First Sunday After Epiphany
The trail descends from the pavement above, concrete giving way to packed mud, quartz, and shale, roots running here and there across the path. Below the trail, the ground slopes, settling into a creek that eventually flows to the Arkansas river. Throughout the late summer, and well into the fall, this slope would be pocked by the orange trumpets of chanterell mushrooms, fruiting from the unseen mycelium below the surface of the soil. On our weekly walks in the woods, my daughters would compete for the privlege of cutting them from their stems, collecting them in the cloth bags we’d brought for the purpose.
This was one of my family’s first attempts at foraging, going for the ready pickings of easily identified mushrooms that no one else seemed to be harvesting in our local urban woodland. There was something delightful about gathering food each week from the forrest floor, food that we’d done nothing to earn other than noticing its ripeness for the taking. My small exercise in gathering was a reminder both of the abundance of the world and of the reality that the best things available are not what we can buy, but what we can accept as gifts.
John the Baptist seems to be one who knew this truth. In Mark’s otherwise spare narrative, he offers us a good deal of detail about John’s dress and eating. In both cases, John’s needs seem to have been fulfilled from gathering the resources of the wild, the abundant and sustainable food of insects, the rich flavors of honey, the skin of a camel.
To be a forager requires a deep attentiveness to the landscape. It requires patience; it takes waiting and watching. Honey would have been a hard-to-find food. My family has stories about one of my ancestors who would throw flour on wild bees and then track how long it took them to return to a water source. With this method he’d eventually find their hive. I don’t know the method used in John’s day, but I’m sure there was one and that whatever it was took hours, if not days.
In all of that waiting, I imagine that John learned how to see gifts when they came. He learned then, to be ready for the Holy Spirit, which both brings gifts and is a gift. What John could offer was not a gift in and of itself. He couldn’t make honey, or locusts, or camel skins; he had no control of the Holy Spirit. He could teach others how to be ready for the gift, how to see it when it came, how to go searching for the gift that was surely there and waiting–he could offer the baptism of repentance.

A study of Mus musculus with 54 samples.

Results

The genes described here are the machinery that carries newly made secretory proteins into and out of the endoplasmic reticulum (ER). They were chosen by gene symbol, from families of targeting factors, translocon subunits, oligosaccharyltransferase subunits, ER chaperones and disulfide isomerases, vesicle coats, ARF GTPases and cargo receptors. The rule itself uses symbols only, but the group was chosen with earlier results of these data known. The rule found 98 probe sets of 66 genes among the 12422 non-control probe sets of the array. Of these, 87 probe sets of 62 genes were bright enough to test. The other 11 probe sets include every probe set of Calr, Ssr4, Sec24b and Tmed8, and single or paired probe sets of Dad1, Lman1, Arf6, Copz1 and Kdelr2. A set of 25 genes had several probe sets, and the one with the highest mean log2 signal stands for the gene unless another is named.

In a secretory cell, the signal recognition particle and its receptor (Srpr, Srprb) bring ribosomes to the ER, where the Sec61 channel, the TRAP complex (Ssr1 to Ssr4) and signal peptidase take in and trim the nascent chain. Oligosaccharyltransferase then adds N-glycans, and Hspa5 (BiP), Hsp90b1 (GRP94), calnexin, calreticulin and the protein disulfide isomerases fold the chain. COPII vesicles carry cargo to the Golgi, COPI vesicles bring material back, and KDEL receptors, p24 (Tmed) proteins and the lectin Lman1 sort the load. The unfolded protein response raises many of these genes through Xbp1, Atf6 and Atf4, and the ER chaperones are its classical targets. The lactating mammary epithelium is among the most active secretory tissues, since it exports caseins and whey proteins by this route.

Repentance is not the gift in itself, but it is the preparation for the gift, the making ready in order to see. Gifts can come without it of course, but they can easily be missed. I’d seen hundreds of chanterelles, wondering if they were edible, before I sat down with a mushroom field guide and confirmed my guess. The gift was there, but I wasn’t ready for it. If I hadn’t done the work of preparation then I would have missed some good food or, worse yet, mistaken a chanterelle for a poisonous lookalike. I needed to reorient my vision in order to really see.
Baptism ushers us into the family of God through a double movement: the repentance and clearing of death, the gift of new life through the Spirit. We need both in order to enter into the life of God, both gift and giver. We see this in Paul’s encounter with the disciples in Ephesus. They are described as “disciples,” so they are already on their way toward being the church, but what they lacked was the gift of the Spirit. They’d done the work of making ready, but it is only when Paul comes that the gift is finally given (a gift Paul was himself given and passes on, as all good gifts must move).
On this Sunday, as many churches celebrate baptisms, giving again the gift that has continued to circulate through the church from its beginning, let us also remember with John the need for repentance, for the given world of wilderness and the waiting required to discover the gifts God is giving all around us. It is only through such work that we can again ready ourselves to see the gift of the Spirit that continues to breathe life among us. The alternative is that we might miss the gift and instead grab hold of one of its poisonous lookalikes, the commodities of happiness and fulfillment sold in the markets of our culture.
Instead, repent, go to the quiet place of the wilderness where you can listen. God’s wind is moving over the waters and creating a new world. Will we be ready to welcome it?